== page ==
Republicans accused of 'race-baiting' for running ad on black convict murderer

Democrats are accusing Republicans of “race-baiting” for running an ad in a Nebraska House race that highlights the case of a black convict who murdered four people within weeks of being released from prison.

The ad, which blasts Democratic candidate Brad Ashford for supporting a law that allows early prison release, already is drawing comparisons to one of the most controversial political ads in modern history – the so-called “Willie Horton” ad.

But Republicans are standing by it, and refusing to bow to Democratic pressure to take down the ad.

“Brad Ashford should apologize to the victim’s families for supporting a reckless law that releases violent criminals after only serving half of their original prison sentences,” said Tyler Q. Houlton, spokesman for the National Republican Congressional Committee. “Nebraska voters deserve to know that Brad Ashford supports policies that have made them less safe.”

The ad, run by the NRCC, highlights the case of Nikko Jenkins, who was released early last year after serving a decade in prison for robbery and assault charges.

Within days, he murdered four people in Omaha.


The narrator follows: “Nikko Jenkins was released from prison early after serving only half his sentence. The head of the Omaha police union said Jenkins is the poster child for why the ‘Good Time’ law is a farce. Brad Ashford supported the ‘Good Time’ law and still defends it, allowing criminals like Nikko Jenkins to be released early.”

The ad ends with side-by-side headshots of Jenkins and Ashford. Ashford, a state senator, is challenging Nebraska Republican Rep. Lee Terry for his House seat.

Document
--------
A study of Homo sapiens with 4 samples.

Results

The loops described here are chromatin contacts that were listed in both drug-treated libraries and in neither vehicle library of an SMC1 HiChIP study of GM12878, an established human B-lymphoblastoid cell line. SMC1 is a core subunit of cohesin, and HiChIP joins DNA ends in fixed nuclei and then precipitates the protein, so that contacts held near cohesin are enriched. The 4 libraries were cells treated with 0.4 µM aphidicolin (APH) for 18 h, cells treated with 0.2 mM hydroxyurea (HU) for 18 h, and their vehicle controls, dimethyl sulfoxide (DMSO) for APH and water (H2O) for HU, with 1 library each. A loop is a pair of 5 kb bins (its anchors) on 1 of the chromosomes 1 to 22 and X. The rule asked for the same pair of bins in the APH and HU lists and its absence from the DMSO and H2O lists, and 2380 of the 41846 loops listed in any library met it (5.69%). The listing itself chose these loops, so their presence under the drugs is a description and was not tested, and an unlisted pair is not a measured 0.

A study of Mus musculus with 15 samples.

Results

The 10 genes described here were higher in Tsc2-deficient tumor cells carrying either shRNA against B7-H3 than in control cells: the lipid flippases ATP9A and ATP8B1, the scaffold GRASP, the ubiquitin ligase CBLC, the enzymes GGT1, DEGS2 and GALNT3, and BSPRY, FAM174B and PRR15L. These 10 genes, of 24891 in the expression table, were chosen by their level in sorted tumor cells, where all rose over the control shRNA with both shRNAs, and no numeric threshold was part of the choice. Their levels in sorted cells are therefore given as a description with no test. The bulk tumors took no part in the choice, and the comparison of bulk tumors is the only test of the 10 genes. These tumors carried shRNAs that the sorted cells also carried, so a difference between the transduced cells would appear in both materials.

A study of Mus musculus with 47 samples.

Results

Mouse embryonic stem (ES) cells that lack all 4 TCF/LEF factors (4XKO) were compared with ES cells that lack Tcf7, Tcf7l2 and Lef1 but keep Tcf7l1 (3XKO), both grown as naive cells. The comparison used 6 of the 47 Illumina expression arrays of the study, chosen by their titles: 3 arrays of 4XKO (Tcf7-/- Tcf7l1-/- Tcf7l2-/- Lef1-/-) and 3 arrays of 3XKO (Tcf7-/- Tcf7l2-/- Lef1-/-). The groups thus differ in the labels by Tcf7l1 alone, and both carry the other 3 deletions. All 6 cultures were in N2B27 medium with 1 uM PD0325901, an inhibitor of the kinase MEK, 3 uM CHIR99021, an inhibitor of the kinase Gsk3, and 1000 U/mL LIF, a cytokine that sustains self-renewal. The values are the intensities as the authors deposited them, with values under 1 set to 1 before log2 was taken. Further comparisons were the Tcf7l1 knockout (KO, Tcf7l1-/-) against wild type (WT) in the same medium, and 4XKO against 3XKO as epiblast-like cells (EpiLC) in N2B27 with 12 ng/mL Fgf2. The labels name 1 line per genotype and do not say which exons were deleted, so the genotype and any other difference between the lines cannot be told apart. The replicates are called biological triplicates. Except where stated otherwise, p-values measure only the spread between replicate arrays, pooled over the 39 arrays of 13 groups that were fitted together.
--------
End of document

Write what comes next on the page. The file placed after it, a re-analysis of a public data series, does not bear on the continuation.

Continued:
Democrats immediately pounced on the ad.

“This repellent, race-baiting ad has no place in America, and national Republicans should apologize and take it down immediately,” Democratic Congressional Campaign Committee spokeswoman Ashley Lewis said in a statement. “Republicans should be ashamed that they have resorted to divisive rhetoric, playing up racial stereotypes and fear-mongering to save their sinking candidate.”

Several liberal-leaning websites also decried the ad as “race-baiting,” “unspeakably racist” and in the style of the infamous Willie Horton attack ad.

The latter ad was run by a conservative group in the 1988 presidential race and highlighted the case of convicted felon Willie Horton – who raped a woman while on a weekend furlough. The ad faulted Democratic nominee Michael Dukakis, who was governor of Massachusetts when Horton was furloughed.

In the case of Jenkins, he – like other prisoners in the state – benefited from Nebraska’s “Good Time” law. The policy gives inmates a day’s credit for every day served, while docking them credits for bad behavior. This effectively can reduce a prisoner’s sentence by half.

According to the Omaha World-Herald, Jenkins served half of his 21-year sentence. But the early-release law wasn’t the only factor at play in his case. He had a history of threats and signs of mental illness while in prison. One state report at the time, according to the World-Herald, said Jenkins threatened to go on a murder spree when he was released, and the state ombudsman said he should have been committed.

A law giving additional “good time” to inmates who behaved previously had been signed by the state’s Republican Gov. Dave Heineman. After the Jenkins murder spree, however, the governor sought to make the law tougher for violent inmates to get out early.

Ashford was among the state lawmakers who pushed back against those changes.

The $170,000 NRCC ad is running in Omaha.